Capotes not guilty of 3rd-degree assault
Jury deadlocked on 2nd-degree assault charge for Eduardo Capote, who will be retried
February 10, 2010
Steamboat SpringsSteamboat Springs — A jury found Eduardo and David Capote not guilty of third-degree assault Wednesday after a day and a half of deliberations, but jurors could not reach a decision about the more serious charge of second-degree assault against Eduardo Capote. — A jury found Eduardo and David Capote not guilty of third-degree assault Wednesday after a day and a half of deliberations, but jurors could not reach a decision about the more serious charge of second-degree assault against Eduardo Capote.
Steamboat Springs — A jury found Eduardo and David Capote not guilty of third-degree assault Wednesday after a day and a half of deliberations, but jurors could not reach a decision about the more serious charge of second-degree assault against Eduardo Capote.
Jurors said the group deadlocked on the final charge, with five jurors saying Eduardo Capote was guilty and seven saying he was not guilty. The jury needed to reach a consensus on the charge.
Attorneys on both sides said they would have renewed vigor for the retrial, scheduled for May 10 to 21.
The men were charged with assault after an altercation in downtown Steamboat Springs on the night of Jan. 1, 2009, with Michael Wesley "Wes" Mottlau, Timothy Mottlau and Richard Lopez. Lopez died as a result of his injuries.
The third-degree assault charges stemmed from David and Eduardo Capote's altercation with Michael Mottlau, and the second-degree assault charge stemmed from Eduardo Capote's fight with Lopez.
Lopez's sister, Mary Ventura, said she was ready for the retrial.
"We're ready to go again, full force," she said. "I think the district attorney did a fantastic job."
Defense attorney Charles Feldmann said he plans to call more expert witnesses and said he expects the retrial to last at least as long as the original, even though there are fewer charges.
"Certainly, it's not the outcome we had expected or hoped for, but I could see in the jury's faces that they worked hard in this case," he said. "It was painful for everyone."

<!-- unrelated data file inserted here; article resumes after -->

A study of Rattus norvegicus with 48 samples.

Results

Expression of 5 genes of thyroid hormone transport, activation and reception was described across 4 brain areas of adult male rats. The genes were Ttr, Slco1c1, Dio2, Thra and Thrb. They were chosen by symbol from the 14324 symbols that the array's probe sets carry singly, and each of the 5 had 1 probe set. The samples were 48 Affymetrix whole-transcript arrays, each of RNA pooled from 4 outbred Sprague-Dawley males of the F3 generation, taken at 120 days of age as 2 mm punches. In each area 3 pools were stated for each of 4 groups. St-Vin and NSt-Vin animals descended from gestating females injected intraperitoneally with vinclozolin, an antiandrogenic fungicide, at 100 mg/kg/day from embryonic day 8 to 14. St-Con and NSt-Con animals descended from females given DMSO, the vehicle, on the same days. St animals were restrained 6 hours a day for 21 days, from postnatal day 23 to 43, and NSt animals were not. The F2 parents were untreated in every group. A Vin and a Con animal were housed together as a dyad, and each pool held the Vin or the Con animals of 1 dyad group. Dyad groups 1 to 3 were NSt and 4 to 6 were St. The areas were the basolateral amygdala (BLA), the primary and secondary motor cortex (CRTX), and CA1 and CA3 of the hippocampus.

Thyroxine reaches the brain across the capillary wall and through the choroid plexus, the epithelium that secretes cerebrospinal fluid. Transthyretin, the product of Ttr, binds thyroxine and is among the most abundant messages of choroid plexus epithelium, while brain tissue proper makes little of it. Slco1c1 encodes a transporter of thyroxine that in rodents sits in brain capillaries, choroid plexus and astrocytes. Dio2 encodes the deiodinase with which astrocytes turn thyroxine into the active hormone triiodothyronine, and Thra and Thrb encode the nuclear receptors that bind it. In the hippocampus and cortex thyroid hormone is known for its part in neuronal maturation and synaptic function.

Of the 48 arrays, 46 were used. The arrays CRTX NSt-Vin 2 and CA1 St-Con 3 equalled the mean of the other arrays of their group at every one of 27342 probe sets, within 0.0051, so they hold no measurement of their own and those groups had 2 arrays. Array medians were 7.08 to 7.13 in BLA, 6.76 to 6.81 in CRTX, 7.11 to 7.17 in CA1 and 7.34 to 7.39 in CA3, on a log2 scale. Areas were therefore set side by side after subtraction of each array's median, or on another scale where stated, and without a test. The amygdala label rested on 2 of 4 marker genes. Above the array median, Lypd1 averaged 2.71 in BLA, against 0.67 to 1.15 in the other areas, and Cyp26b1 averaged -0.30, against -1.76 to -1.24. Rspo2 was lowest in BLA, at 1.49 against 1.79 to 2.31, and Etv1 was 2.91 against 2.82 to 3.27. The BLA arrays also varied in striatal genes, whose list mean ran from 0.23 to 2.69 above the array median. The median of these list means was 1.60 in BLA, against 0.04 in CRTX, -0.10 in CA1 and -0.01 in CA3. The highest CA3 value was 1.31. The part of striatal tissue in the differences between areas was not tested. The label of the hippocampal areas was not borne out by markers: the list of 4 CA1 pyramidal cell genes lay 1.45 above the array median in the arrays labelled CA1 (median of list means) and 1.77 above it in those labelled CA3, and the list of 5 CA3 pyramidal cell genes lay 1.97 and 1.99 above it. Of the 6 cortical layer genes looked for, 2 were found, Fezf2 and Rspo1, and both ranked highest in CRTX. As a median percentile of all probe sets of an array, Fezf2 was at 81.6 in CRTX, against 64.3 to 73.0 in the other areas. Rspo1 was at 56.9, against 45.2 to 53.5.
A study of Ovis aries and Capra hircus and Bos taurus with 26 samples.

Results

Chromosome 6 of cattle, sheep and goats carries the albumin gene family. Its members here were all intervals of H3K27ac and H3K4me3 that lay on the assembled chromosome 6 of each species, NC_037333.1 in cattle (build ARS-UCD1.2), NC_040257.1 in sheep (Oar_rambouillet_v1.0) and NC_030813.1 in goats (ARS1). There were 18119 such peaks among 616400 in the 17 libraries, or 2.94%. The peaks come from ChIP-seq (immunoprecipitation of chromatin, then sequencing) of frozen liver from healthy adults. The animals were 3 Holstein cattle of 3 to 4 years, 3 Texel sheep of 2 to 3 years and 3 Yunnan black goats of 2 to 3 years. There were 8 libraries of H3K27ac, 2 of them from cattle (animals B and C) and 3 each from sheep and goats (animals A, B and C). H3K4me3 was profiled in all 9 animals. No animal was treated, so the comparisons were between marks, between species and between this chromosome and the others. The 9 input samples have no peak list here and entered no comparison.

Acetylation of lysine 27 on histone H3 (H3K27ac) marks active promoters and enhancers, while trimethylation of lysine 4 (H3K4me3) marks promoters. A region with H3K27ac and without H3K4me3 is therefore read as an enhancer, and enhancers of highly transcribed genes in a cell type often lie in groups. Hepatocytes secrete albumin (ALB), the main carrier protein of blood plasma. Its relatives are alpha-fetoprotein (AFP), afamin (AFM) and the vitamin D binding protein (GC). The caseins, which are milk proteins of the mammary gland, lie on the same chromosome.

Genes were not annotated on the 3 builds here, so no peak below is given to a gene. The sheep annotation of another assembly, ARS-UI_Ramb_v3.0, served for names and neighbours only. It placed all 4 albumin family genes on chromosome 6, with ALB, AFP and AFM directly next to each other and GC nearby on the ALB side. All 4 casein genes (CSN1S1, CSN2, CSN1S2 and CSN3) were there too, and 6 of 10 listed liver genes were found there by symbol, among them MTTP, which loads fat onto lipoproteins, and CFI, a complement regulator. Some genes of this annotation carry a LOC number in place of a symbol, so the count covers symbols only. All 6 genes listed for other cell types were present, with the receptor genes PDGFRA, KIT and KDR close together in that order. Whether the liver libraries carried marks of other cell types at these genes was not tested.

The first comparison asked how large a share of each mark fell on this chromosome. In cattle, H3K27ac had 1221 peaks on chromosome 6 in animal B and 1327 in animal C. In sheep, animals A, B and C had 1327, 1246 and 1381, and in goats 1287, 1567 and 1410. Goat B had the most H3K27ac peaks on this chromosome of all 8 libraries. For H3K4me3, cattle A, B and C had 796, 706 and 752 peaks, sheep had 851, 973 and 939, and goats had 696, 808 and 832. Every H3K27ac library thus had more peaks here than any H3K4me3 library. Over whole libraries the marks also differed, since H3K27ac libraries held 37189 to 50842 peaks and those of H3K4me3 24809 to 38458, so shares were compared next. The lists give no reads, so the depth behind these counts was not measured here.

Fourteenth Judicial District Attorney Elizabeth Oldham said the decision, though not ideal, does not rule out the possibility of conviction.
"It's better than not guilty," she said. "We get another chance."
The jury began deliberations about 1 p.m. Tuesday and went home after 5 p.m. Members resumed at 8:30 a.m. Wednesday and continued until 5 p.m., when the jurors sent a note to the judge stating that they could not reach a decision.
District Judge Shelley Hill asked the jurors twice whether they thought taking more time on the deliberations or going home for the night would help them reach a decision, but jurors shook their heads no. The jurors stood as the forewoman read the two decisions of not guilty to the brothers.
Hill thanked the jurors for their service and excused them from the courtroom. Juror Jordan Dryjanski said tempers sometimes flared during the discussions and that jurors took breaks to defuse the situation.
"We all agreed it was a death, it was horrible, but that was not what we were there to decide," she said.
Michael Mottlau, who was present for the jury's announcement, declined to comment on the verdict because he said he likely would be called as a witness at the retrial.
An additional charge of third-degree assault against David and Eduardo Capote for allegations that they fought with Timothy Mottlau was dismissed in the middle of the trial.
During five days of arguments, eyewitnesses, alleged victims and both Capote brothers took the stand to describe the events of the night.
Witnesses generally agreed that there was a disagreement at the Tap House Sports Grill between the two groups that almost resulted in a fight, but both groups calmed and left the bar.
When they met again at Seventh Street and Lincoln Avenue, the groups began arguing again, sending insults back and forth.
After words were exchanged for a few minutes, the Mottlaus and Lopez reportedly started walking across Seventh Street, away from the Capotes.
What happened next was the root of the case: prosecutors said Eduardo Capote ran into the street and punched Lopez as his group was leaving; defense attorneys said Lopez broke away from his group and ran toward the Capotes, prompting Eduardo Capote to step forward to protect his family. Eduardo Capote was standing with his wife, Desiree Capote; David Capote; and David Capote's girlfriend, Karen Rodriguez.
Attorneys measured out distances in the courtroom multiple times to try to demonstrate how far apart the groups were at different times during the altercation, according to different witnesses.
Oldham said she didn't want to give away secrets before the retrial but said that the case would be pared down from the original without David Capote's charges.
"It simplifies it a bit, but the bulk of evidence was the same for all charges," she said.
Feldmann said he plans to file several new motions before the retrial, including a request to change the venue from Routt County because of the publicity the case has received.
He said he also plans to introduce more expert witnesses to testify about medical issues, including post-traumatic stress disorder.